The hierarchy of who or what is most evil in hotels is an ever-shifting beast, dependant on what new thing has entered the market and is being misunderstood at the time.
At various points in recent years the devil’s horns have been worn by: the internet, the OTAs (the internet, but more so) and Airbnb (the internet, selling people’s homes). But one group has come in for a consistent kicking and that’s the brands.
A brand is intangible. And yet it charges franchise fees, booking fees, fees for every occasion. All for something that many a shouty conference attendee suspects that they could really do for themselves.
But while it may look brilliant being a brand, laying down all those mattress standards and deciding what smell gets pumped out into the street, the brands will tell that you that it’s not as fun as advertised.
Having a crappy time this week was IHG, which found itself reporting that part of its technology systems had been “subject to unauthorised activity”, with its apps and booking channels “significantly disrupted”.
At the time of writing further detail was not forthcoming, but IHG has lately ditched Holidex, one of the oldest booking systems in the business, in favour of a lovely new system which delivered all kinds of nifty personalisation options and whatnot, working with Amadeus. Marriott signed up to the software last year.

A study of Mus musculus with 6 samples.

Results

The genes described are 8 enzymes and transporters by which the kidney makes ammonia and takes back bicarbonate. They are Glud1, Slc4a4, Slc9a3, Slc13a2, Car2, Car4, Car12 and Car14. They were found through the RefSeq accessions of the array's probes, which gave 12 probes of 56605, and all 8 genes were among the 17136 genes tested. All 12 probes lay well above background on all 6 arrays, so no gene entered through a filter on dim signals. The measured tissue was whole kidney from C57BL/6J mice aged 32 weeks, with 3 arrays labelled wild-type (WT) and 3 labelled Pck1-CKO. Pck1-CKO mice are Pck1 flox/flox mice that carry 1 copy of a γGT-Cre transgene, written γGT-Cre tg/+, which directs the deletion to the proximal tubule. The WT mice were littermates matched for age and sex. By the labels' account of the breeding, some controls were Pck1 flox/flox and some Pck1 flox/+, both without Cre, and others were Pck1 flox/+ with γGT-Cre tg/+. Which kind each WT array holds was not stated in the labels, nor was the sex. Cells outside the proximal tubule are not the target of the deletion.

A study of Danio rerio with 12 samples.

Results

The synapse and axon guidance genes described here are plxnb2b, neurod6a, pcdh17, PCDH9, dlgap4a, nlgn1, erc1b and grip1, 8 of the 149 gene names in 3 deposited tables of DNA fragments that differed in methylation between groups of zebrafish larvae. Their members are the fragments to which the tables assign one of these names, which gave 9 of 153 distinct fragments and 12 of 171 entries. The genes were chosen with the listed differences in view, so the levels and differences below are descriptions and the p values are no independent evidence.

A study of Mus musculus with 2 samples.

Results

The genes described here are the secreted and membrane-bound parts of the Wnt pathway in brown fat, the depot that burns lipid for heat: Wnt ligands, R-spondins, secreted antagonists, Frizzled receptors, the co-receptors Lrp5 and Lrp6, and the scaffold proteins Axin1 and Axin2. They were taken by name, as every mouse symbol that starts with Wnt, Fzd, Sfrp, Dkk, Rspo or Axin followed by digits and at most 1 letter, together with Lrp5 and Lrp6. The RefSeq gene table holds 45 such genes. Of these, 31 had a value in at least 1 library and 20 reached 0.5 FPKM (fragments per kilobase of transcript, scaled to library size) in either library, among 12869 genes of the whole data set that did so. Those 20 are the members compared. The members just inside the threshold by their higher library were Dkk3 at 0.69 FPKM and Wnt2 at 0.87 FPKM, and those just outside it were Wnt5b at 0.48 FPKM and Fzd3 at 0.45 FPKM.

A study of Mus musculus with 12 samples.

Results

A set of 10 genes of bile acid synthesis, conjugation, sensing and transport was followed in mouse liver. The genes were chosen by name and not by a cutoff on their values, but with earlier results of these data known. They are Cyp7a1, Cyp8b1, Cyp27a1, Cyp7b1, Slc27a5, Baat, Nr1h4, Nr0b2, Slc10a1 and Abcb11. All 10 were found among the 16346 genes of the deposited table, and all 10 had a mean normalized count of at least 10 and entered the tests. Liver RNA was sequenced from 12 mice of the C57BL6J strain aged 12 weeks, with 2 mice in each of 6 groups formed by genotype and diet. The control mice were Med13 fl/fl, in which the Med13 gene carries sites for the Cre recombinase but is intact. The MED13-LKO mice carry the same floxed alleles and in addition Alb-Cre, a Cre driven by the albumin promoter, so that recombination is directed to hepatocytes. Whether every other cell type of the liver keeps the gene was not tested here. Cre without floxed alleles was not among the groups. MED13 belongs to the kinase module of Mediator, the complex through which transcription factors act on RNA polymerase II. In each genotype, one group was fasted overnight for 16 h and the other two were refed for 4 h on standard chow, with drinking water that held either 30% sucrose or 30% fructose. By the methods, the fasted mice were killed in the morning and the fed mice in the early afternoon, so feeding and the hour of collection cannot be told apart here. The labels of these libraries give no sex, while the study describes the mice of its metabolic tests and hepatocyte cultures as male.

It would be a dark day for Amadeus’s aspirations in the hotel sector if the fault lay at its door and the ongoing investigation will reveal all. But IHG works with a number of different providers, all of whom could have failed to put 50p in the meter (or £1.50, £2, £2.50 depending on when you read this).
And this is it. While it could have been any of dozens of parties, the buck and reputational damage ultimately lands with IHG, because these hotels – these hotels it doesn’t own and may not even operate – are seen as belonging to it. We saw the same with Marriott’s PoS data breach, featuring systems the company had little or no control over. Guests may now find themselves thinking that maybe they don’t fancy staying in those hotels again. But they certainly don’t think they won’t eat somewhere with those PoS machines again.
So it sucks to be a brand, taking the repetitional hit every time. And some hotel brands would have you believe that this is their contribution to the hotel stack. They don’t need to put any skin in the game, because their good name is at stake.
And there may be something in that, although generally one’s bank manager is more fussed about cash and less about what you might have been up to on Twitter, although there are, of course, some exceptions to that. But maybe your bank should have been more thorough before taking you on as a client.
So while we look at IHG twisting in the wind of a storm it didn’t create, would things be better for the group if it had a physical stake in its hotels? This is not to say it doesn’t pay due care and attention to operations, but if it had something other than reputation to lose?
To be fair to Marriott, its big giant data breach which it imported with Starwood lead to a big giant fine of £99m, although this was revised down to just over a tenth of that. But cash, nonetheless.
But one can’t help but think that next time – and there always is one – the rest of the stack would feel a whole lot better if there was more of a sense that everyone was in it together.
See? There’s no right way. It really does suck to be a brand.